Column by Kent Willis
We at the ACLU of Virginia have just completed our tenth year of operating an Election Day hotline for voters, and I have two observations. First, Virginia needs to do a better job of training poll workers. Second, Virginia’s election laws need to undergo a major overhaul. Both are easy to fix.
Most poll workers are competent, hard working folks who do a good job. But “most” is not sufficient when it comes to something as vital as voting. It’s not just that every single vote matters, but also that the act of voting for most of us is a profound experience that binds us to our democratic principles and governing institutions. Some of the angriest and most deeply hurt people I’ve spoken to are those who were unable to vote because something went wrong on Election Day.
We know from our hotline that many voters in Virginia who showed up without an ID last Tuesday were told by poll workers they could not vote or that they must cast a provisional ballot. That was wrong. In Virginia, voters who do not have IDs merely need to sign an Affirmation of Identity Form, and they may then cast a regular ballot.
We know that some voters were told they could not vote because they were wearing political apparel. Wrong. Until this year, the right to wear such expression varied depending on how the local registrar interpreted the somewhat murky rules on the subject. Under a 2009 law, however, voters may wear buttons, pins, hats, T-shirts or whatever they want showing support for the candidate of their choice.
We know of voters who were told they could not cast a ballot because they were not on the voter rolls. Wrong. Voters have a right to cast a provisional ballot even when their names are not in the registration book. The provisional ballot may or may not be counted, depending on who is at fault, but it is a far better option than not casting a ballot at all.
We know of voters who had moved since the last election, but whose new address had not been forwarded from DMV to the new registrar. When these voters showed up at their new precincts on Election Day, they were told they couldn’t vote.Wrong. If the move took place in the last 12 months, they could have still voted in their old precinct.
The aforementioned are all avoidable. Planning, training and common sense can fix them, if we have the will to do it.
Unavoidable and more serious are Virginia’s antiquated election laws. We have come a long way since the most convenient and reliable way to conduct elections was to have everyone show up in the town square and place their folded ballot in a carefully guarded box. We need to substantially re-write Virginia’s election laws with one simple goal in mind – to make voting accessible to as many qualified people as possible. Here are some suggestions:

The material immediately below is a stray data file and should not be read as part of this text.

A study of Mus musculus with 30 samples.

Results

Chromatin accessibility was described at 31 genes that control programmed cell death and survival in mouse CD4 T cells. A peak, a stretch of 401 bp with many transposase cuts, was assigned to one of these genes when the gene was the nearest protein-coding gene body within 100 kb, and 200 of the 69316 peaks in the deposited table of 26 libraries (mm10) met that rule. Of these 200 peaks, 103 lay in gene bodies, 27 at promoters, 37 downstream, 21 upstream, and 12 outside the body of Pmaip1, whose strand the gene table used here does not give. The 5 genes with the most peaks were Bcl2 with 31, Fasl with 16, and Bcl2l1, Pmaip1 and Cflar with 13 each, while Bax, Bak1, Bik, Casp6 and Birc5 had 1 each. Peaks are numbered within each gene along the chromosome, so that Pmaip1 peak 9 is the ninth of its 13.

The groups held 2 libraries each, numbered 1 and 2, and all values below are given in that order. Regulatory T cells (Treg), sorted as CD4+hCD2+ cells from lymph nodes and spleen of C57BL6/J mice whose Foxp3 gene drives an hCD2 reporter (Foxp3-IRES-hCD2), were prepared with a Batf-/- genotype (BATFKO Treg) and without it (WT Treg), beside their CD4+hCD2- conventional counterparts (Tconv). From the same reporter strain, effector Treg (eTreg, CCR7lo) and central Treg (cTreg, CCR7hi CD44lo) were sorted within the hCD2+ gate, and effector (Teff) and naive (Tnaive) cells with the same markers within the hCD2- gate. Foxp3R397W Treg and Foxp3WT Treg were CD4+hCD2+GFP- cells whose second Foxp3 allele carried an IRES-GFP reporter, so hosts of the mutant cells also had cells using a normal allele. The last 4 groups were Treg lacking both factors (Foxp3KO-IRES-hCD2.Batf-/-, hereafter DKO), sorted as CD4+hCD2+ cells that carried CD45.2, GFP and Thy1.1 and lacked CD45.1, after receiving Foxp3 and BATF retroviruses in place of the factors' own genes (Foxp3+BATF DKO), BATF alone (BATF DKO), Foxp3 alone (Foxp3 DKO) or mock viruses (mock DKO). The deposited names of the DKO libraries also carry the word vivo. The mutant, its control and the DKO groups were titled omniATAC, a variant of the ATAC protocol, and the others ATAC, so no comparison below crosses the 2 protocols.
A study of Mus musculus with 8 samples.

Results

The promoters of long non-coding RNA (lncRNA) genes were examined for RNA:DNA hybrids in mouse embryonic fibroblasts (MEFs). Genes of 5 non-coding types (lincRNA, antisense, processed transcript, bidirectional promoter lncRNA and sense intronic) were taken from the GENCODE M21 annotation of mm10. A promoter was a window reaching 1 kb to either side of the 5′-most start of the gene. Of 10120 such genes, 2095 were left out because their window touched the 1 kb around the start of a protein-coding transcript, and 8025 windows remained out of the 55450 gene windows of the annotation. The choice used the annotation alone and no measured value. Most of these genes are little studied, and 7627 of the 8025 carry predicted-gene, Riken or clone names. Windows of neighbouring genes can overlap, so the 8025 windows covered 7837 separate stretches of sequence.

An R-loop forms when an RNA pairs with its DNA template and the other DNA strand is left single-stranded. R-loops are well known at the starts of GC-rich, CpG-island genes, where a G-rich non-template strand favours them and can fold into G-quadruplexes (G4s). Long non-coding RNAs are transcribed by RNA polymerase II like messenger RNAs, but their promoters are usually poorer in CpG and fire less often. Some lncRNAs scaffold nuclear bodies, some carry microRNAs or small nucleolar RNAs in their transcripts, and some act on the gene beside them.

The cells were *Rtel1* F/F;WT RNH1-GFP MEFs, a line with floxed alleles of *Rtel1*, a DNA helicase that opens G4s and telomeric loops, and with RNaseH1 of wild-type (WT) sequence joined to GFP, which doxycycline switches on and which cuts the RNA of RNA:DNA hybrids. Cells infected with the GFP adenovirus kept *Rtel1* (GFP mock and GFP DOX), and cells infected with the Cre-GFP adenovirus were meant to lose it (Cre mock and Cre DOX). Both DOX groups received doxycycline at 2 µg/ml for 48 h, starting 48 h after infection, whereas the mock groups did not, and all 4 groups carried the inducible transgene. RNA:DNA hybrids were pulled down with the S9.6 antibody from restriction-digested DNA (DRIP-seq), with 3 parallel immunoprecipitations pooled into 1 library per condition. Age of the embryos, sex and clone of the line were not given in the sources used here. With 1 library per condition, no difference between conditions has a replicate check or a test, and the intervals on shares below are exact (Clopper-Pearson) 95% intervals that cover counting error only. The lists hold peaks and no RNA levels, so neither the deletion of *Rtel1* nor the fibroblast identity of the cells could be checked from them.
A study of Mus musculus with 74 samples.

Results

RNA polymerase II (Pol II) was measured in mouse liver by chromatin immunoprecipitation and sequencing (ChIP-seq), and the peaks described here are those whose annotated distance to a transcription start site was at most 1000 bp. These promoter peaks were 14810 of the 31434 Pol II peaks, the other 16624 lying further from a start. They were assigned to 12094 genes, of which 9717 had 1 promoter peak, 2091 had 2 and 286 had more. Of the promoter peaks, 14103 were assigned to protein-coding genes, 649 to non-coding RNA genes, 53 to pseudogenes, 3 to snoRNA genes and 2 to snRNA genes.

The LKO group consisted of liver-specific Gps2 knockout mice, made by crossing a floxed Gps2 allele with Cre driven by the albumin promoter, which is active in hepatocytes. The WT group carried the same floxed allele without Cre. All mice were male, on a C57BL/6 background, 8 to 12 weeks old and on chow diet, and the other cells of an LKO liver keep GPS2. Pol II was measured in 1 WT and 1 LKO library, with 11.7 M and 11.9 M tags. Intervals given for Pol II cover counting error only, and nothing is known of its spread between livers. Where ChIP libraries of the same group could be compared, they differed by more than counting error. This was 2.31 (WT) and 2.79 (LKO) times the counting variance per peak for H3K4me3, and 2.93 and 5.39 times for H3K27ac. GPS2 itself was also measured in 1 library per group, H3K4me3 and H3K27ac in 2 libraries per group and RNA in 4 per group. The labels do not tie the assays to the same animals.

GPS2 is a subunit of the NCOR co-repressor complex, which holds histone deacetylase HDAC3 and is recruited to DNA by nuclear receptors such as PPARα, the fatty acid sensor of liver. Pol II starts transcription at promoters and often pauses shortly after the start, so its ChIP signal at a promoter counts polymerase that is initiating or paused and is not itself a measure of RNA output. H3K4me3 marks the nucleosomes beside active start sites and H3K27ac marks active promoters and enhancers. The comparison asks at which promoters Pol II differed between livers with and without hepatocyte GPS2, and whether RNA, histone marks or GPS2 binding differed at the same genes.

Allow early voting for everyone. Get rid of the current charade, whereby one may vote absentee but only for business, health or about ten other reasons, and just allow anyone to vote up to 30 days before Election Day. This will reduce some of the strain on poll workers, and it will allow thousands of people to vote who do not qualify for one of the exceptions but may not be able to be at their polling place on Election Day. Two-thirds of the states have already instituted this easy fix.
Allow everyone to vote who is of age, including felons. We waste a huge amount of taxpayer’s dollars running criminal background checks on voters to make sure they are not felons and on the clunky process of having the Governor and his staff review lengthy court and corrections records so they can restore the right to vote for a couple of thousand individuals each year. In the process, we deny the right to vote to more than 300,000 people who have committed crimes, but have now fully repaid their debt to society. Virginia and Kentucky are the only two states in the nation still lugging around this old Jim Crow albatross.
Allow same day registration. Nine states do this already and several more are on the verge. In these places unregistered voters may show up at the polls on Election Day, produce the necessary documentation, and vote. Requiring registration and voting to be two separate steps at least thirty days apart is an unnecessary waste of time and resources in our electronic age, and it discourages voting, especially by new voters.
Voting feels like a privilege, but it is a right, and it ought to be easy and accessible. And there is no reason to stick to our old-fashioned ways because we fear voter fraud. Recent studies show that the myth of voters casting more than one vote on Election Day is exactly that. It never happens. Fraud, according to these studies, is committed by those who count the votes, not those who cast them.
So let’s get on with the business of embracing our democracy by bringing our election laws into the 21st century. It’s so easy, even Virginia can do it.
Kent Willis is the executive director of the ACLU of Virginia, which operates a nonpartisan election protection program consisting of providing information on voting rights to more than 40,000 voters and operates an Election Day Hotline.